On July 28th, I was fortunate to attend a live panel “AI: A World of Possibilities and Perils” with my dear friend and fellow human Jose, Director of Strategic Partnerships, at Pypestream. Before Jose arrived, I joked with a few of the guests around me that this may be one of our last gatherings out in the open before the collapse of society and AI takes control. My joke fell pretty flat and I can’t recommend opening conversations with such grim humor. I’m still recalibrating my social skills here in 2023.
Details of the event described below from UCSC’s event calendar:
AI: A World of Possibilities and Perils UCSC’s Center for Applied Values and Ethics in Advancing Technologies (CAVEAT) at Crown College and the California Arts and Sciences Institute (CASI) present
Artificial Intelligence (AI): A World of Possibilities and Perils, a panel discussion featuring representatives from the arts, sciences, ethics, and economics.
Premiering July 28, 2023, this event marks the first of the series to cover multiple facets of AI’s impact across industries. Live music, complimentary wine and cheese will accent this event at the elegant SandBox venue at 440 Ortiz Ave, #B, in Sand City, CA.
Join us for a lively discussion on the advancements and pressing concerns of Artificial Intelligence. Find out what innovations might revolutionize our lives, and what emerging risks deserve our immediate attention.
Linda MacDonald Glenn, the Founding Director of CAVEAT at Crown College, UCSC, will give a welcome introduction. Edward King, a nationally syndicated radio host, will moderate the distinguished panel. Jennifer Perlmutter, an internationally recognized artist, will represent the Central Coast’s creative community on issues relating to intellectual property and artist livelihoods. Prof. Francois Melese, Emeritus Professor of Economics, will shed light on AI’s costs and benefits, including productivity gain and job disruption. Tom Atchison, an early pioneer in AI development, will provide insights into the various forms of AI technology. Dr. C. Michael Hogan, a leading authority on U.S. energy policy, will examine the potential downsides of AI energy consumption and critical aspects of its accuracy.
A wine and cheese reception with live music will follow the panel, offering an opportunity to meet the panelists.
This exclusive event marks the beginning of an enthralling series, with future presentations featuring experts who will delve into the impact of AI on diverse fields such as filmmaking, journalism, and both nonprofit and for-profit businesses.
Jose and I enjoying an incredible display of human artistry
I was excited to have the opportunity to listen to the panelist for their unique perspectives coming from different disciplines.
One of the distinguished panelists, Dr. Michael Hogan, offered an environmental scientist perspective from using Bard. I found his insights to be particularly interesting so I’ll highlight a few for the twenty or so of you that get this far in the post.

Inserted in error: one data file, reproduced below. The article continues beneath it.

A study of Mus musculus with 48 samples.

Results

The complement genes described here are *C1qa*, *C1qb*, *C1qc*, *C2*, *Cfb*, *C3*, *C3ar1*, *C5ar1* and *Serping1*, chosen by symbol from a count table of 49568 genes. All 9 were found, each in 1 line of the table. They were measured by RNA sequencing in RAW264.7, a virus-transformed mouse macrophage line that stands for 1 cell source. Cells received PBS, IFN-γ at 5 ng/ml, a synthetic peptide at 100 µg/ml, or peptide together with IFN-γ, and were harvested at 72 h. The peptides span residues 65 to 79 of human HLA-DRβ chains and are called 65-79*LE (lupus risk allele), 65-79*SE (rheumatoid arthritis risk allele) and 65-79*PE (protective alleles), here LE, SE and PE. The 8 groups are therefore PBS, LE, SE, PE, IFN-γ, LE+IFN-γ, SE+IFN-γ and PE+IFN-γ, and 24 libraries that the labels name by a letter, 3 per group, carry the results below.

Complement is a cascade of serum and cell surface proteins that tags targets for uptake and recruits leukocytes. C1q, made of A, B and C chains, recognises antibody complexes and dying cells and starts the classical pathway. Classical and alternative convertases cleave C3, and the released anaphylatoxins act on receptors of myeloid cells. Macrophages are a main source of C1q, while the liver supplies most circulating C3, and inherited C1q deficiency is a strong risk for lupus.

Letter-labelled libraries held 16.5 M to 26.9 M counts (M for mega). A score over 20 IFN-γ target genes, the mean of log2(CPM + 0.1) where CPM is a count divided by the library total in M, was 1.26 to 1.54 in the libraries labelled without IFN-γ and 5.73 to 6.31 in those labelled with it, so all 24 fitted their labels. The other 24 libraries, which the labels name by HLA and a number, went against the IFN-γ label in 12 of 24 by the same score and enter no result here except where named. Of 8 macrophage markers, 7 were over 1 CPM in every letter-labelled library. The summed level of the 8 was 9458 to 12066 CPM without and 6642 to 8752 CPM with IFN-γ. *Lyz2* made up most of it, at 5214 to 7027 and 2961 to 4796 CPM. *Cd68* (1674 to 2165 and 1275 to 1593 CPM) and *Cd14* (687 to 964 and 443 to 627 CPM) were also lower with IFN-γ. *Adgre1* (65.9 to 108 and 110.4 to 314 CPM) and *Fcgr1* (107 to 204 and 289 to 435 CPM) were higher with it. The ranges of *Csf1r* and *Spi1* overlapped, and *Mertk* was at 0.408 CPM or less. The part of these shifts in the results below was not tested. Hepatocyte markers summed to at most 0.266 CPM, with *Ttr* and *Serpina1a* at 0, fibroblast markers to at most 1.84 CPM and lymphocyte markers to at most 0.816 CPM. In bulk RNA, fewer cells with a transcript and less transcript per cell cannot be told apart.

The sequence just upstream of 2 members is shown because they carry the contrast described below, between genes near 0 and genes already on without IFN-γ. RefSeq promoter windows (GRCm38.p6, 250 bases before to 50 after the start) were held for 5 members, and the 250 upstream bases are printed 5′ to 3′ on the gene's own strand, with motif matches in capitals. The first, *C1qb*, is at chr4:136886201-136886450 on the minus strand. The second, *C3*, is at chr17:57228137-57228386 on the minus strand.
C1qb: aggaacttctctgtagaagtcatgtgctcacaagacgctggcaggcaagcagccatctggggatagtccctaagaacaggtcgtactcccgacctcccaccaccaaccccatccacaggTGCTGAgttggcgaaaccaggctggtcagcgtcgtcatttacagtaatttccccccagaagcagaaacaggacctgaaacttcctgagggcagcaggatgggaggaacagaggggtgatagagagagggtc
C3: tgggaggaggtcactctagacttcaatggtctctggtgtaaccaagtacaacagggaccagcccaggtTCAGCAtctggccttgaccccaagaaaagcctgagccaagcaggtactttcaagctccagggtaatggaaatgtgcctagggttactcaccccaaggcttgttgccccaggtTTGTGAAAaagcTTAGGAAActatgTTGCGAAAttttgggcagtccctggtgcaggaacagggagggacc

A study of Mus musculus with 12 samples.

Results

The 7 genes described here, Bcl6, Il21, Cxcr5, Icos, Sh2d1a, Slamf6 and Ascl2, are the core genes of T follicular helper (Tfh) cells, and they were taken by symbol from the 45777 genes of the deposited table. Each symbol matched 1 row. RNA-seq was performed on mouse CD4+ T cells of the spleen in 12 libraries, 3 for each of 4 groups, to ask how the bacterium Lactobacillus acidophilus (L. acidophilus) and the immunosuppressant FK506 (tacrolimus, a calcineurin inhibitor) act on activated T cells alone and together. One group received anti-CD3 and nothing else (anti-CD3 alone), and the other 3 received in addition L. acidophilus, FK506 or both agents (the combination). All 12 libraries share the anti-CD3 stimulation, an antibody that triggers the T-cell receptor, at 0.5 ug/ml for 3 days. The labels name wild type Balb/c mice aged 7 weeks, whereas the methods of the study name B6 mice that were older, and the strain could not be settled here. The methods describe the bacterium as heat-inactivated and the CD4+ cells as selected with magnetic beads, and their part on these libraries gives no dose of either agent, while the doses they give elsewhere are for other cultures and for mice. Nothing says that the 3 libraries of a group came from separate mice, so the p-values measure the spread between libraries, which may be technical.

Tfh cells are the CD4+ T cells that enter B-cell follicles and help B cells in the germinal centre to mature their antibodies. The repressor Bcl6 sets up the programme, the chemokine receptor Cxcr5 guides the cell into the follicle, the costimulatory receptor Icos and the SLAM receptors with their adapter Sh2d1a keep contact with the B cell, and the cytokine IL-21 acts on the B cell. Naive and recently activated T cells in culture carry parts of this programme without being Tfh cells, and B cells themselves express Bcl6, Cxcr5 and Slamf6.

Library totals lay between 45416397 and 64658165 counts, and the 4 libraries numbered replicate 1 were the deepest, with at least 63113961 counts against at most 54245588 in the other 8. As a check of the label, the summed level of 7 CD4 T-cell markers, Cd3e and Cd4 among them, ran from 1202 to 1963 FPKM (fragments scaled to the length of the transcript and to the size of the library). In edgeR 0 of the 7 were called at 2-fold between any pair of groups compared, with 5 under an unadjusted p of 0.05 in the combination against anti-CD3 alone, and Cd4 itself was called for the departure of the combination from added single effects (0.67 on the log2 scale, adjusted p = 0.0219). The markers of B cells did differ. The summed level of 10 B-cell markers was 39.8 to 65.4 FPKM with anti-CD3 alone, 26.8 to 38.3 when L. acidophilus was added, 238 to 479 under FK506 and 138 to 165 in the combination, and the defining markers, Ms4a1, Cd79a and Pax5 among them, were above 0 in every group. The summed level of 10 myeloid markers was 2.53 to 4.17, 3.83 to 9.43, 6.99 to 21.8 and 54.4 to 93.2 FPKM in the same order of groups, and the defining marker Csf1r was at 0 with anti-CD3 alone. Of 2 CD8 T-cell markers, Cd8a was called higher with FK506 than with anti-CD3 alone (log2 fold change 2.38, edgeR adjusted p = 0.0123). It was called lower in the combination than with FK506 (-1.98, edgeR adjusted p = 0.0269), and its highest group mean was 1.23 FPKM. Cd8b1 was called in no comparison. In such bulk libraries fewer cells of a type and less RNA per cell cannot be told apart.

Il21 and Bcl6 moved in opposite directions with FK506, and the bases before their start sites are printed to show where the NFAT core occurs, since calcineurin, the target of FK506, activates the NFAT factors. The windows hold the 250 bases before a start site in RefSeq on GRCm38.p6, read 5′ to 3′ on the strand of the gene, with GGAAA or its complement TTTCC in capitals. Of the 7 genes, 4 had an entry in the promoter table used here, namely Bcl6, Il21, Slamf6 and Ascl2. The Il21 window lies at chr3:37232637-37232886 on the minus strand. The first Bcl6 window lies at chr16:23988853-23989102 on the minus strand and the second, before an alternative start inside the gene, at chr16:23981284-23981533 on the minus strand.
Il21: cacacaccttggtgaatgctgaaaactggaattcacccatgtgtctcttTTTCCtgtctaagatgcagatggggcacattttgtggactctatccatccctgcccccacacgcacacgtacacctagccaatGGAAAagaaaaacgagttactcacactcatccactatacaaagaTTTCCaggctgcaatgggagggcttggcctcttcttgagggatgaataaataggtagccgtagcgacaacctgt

Dr. Hogans’s main message that struck me the most was the need to invest more heavily in the education of the next generation and his advocacy for going beyond the first answer returned from googling or using chatGTP/Bard.
Three takeaways that got me thinking:
One: The consumption of energy from AI exceeds other large consumers of energy like Bitcoin, and Chevron’s worldwide operations. I’m curious about how this was calculated having heard about the below study referenced here. Of course, this is just one earlier model in one company. Even so, there is a big difference in training and usage in terms of energy costs. Thinking about Bitcoin energy consumption beating many countries by this measure, and considering Chevron’s output of a non-renewable energy source I’m a bit surprised by this.
According to Stanford’s Artificial Intelligence Index, it took the equivalent of 502 tons of carbon dioxide emissions to train GPT-3 last year, the model developed by OpenAI that powers ChatGPT, and close to 1,300 megawatt hours of power. As the researchers calculated, this is the equivalent of the lifetime emissions of 8 cars — or 109 cars’ yearly emissions — and enough energy to power an average U.S. home for over 120 years. Of the four models that the report scrutinized, GPT-3 released the most emissions and required the most power consumption.
Two: The claim that autonomous vehicles are 4x less safe than human drivers. My previous understanding was we didn’t have enough data to make conclusions. Do we have enough of a sample size of autonomous vehicles to accurately compare them to human drivers yet?
Three: Glacier ice melt doesn’t contribute as significantly to raising sea levels as water waste. This was pretty surprising to me. I feel like the media I read generally only talks about glacier melt and not water waste.
I hope we get more events like this on the Peninsula. Great to see people come together to discuss and share.